Why Do We Buy?


The first set of criteria, a unique advantage, is simple to understand, and as a product maker, easy to follow. I deliver class-leading or unique products consumers will buy.

The second one is much more difficult to quantify and harder to predict. This is why the world invented marketers, brand values and anything else you would like to add into this segment. As one gentleman told me recently from a design studio, “if we had 10% of the marketing budget we could do so much more.” This may be true, but would the company sell more cars? Not sure, but I do have this idea: what would happen if the Design Studio Director and the Marketing Director got together and shared some ideas? I don’t mean feedback from customer clinics, market trends and industry research, I am actually referring to the tools they both use on a day-to-day basis.

I’ll get to the point in a second, let’s play the game of Pulp Fiction and start another story and see where these two points combine later in this blog. A good friend of mine runs a business that manufactures bread slicing and packing machines supporting a global market. Like many Small-Medium Businesses, it’s a constant search to find new customers and enter new markets. One way is through trade shows, the other is good old fashioned just meeting the customer face-to-face. The problem he has is that it’s expensive and difficult to ship his machine around the world just to show someone, plus it’s inventory he doesn’t need. After a good glass of red wine (this time very much a personal and emotional choice!) we hatched a plan. We took his 3D CAD model and used Autodesk360 Rendering to create a 3D Stereo Panorama which can be used with Google Cardboard and a phone. For less than £10, he now has a sales machine that he can leave with customers, differentiate from the competition at trade shows and it all fits within carry-on-baggage.

Knock on effect – 15% higher close rate and 30% reduction in sales lead time. So the point I am getting to and where these stories take us, is to ask ourselves this question: “Why should your customers be making purchasing decisions on anything less than what your designers use to make design decisions?”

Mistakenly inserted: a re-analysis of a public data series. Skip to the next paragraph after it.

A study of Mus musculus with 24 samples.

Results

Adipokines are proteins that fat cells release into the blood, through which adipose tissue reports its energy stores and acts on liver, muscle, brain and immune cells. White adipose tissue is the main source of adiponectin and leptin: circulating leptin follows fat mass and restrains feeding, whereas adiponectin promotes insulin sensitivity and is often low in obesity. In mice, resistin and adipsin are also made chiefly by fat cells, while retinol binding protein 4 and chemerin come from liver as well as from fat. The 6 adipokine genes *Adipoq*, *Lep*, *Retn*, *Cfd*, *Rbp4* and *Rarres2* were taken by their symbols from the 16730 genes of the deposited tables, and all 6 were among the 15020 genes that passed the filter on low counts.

If your design team is using a head-mounted VR solution, then so should your customers. With the gaming industry democratizing the hardware for VR there is no excuse that an Automotive OEM shouldn’t be able to offer the same experience to both new and existing customers. If I were making an emotional purchasing decision, the ability to experience my potential new car in a fully-immersive 3D demonstration would definitely help persuade me.

Now that the marketing machine has learned from the design studio, what can we learn from the other direction?

Profile photo of Michael Russell
Michael Russell is the Automotive Industry Business Line Manager working within Autodesk’s Major Account Team.

After finishing his degree in Automotive Design Michael has spent the last 18 years in the creation, visualisation and management software industry. With a big passion for automotive design and an unhealthy knowledge of it’s history I am also driven by new technology, the innovation it can offer and how it will effect our industry. At the weekends you can also find me racing classic motorcycles reminding me the beauty of mechanical devices.